Pinus pinaster, the Maritime Pine, is a pine native to the western and southwestern Mediterranean region. The pejorative name 'pinaster' is derived from pinus + aster, translating as 'a poor imitation of a pine' (cf. poetaster).
The range extends from Portugal and Spain north to southern and western France, east to western Italy, and south to northern Morocco, with small outlying populations in Algeria and Malta (possibly introduced by man). It generally occurs at low to moderate altitudes, mostly from sea level to 600 m, but up to 2000 m in the south of its range in Morocco.
Pinus pinaster is a medium-size tree, reaching 20–35 m tall and with a trunk diameter of up to 1.2 m, exceptionally 1.8 m.
The bark is orange-red, thick and deeply fissured at the base of the trunk, somewhat thinner in the upper crown.
The leaves ('needles') are in pairs, very stout (2 mm broad), up to 25 cm long, and bluish-green to distinctly yellowish-green. The Maritime Pine features the longest and most robust needles of all European pine species.
The cones are conic, 10–20 cm long and 4–6 cm broad at the base when closed, green at first, ripening glossy red-brown when 24 months old. They open slowly over the next few years, or after being heated by a forest fire, to release the seeds, opening to 8–12 cm broad.
The seeds are 8–10 mm long, with a 20–25 mm wing, and are wind-dispersed.
Maritime Pine is closely related to Turkish Pine, Canary Island Pine and Aleppo Pine, which all share many features with it. It is a relatively non-variable species, with constant morphology over the entire range.
Pinus pinaster is widely planted for timber in its native area, being one of the most important trees in forestry in France, Spain and Portugal. Landes forest in southwest France is the largest man-made maritime pine forest in Europe.
In addition to industrial uses, maritime pine is also a popular ornamental tree, often planted in parks and gardens in areas with warm temperate climates. It has become naturalised in parts of southern England, South Africa and Australia. It is a serious pest in parts of South Africa, where it is called the cluster pine. It has gained the Royal Horticultural Society's Award of Garden Merit.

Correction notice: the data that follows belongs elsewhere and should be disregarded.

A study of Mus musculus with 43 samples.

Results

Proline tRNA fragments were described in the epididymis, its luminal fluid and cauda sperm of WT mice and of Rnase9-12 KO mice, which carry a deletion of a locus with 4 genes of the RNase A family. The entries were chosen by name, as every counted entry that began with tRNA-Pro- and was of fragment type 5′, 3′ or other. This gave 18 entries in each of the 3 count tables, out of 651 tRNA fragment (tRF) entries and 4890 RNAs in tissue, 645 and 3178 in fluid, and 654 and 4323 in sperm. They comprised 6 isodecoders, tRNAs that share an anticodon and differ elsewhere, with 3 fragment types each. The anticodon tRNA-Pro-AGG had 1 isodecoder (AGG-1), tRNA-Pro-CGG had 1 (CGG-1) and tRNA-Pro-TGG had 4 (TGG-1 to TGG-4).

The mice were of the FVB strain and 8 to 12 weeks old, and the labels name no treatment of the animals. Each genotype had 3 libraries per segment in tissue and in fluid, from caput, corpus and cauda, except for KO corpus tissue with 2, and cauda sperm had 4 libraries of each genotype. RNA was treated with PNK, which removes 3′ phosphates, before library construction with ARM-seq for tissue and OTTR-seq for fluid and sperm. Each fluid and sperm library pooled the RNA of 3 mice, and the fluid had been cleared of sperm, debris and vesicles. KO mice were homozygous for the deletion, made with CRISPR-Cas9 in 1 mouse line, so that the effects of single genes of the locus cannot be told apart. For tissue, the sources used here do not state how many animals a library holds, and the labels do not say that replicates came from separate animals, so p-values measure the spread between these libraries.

It is also used as a source of flavonoids, catechins, proanthocyanidins, and phenolic acids; notably in the patented extract "Pycnogenol". The patents for Pycnogenol refer to Pinus maritima, an obsolete synonym for Pinus pinaster. As a source of flavonoids, Pycnogenol is a natural antioxidant and anti-inflammatory that protects the body from harmful free radicals, helps boost the immune system and strengthens blood vessel walls and capillaries.
- Devaraj, S; Vega-López, S; Kaul, N; Schönlau, F; Rohdewald, P; Jialal, I (2002). "Supplementation with a pine bark extract rich in polyphenols increases plasma antioxidant capacity and alters the plasma lipoprotein profile". Lipids 37 (10): 931–4. doi:10.1007/s11745-006-0982-3. PMID 12530550.
- Rohdewald, P (2002). "A review of the French maritime pine bark extract (Pycnogenol), a herbal medication with a diverse clinical pharmacology". International journal of clinical pharmacology and therapeutics 40 (4): 158–68. PMID 11996210.
- Conifer Specialist Group (1998). Pinus pinaster. 2006. IUCN Red List of Threatened Species. IUCN 2006. www.iucnredlist.org. Retrieved on 12 May 2006.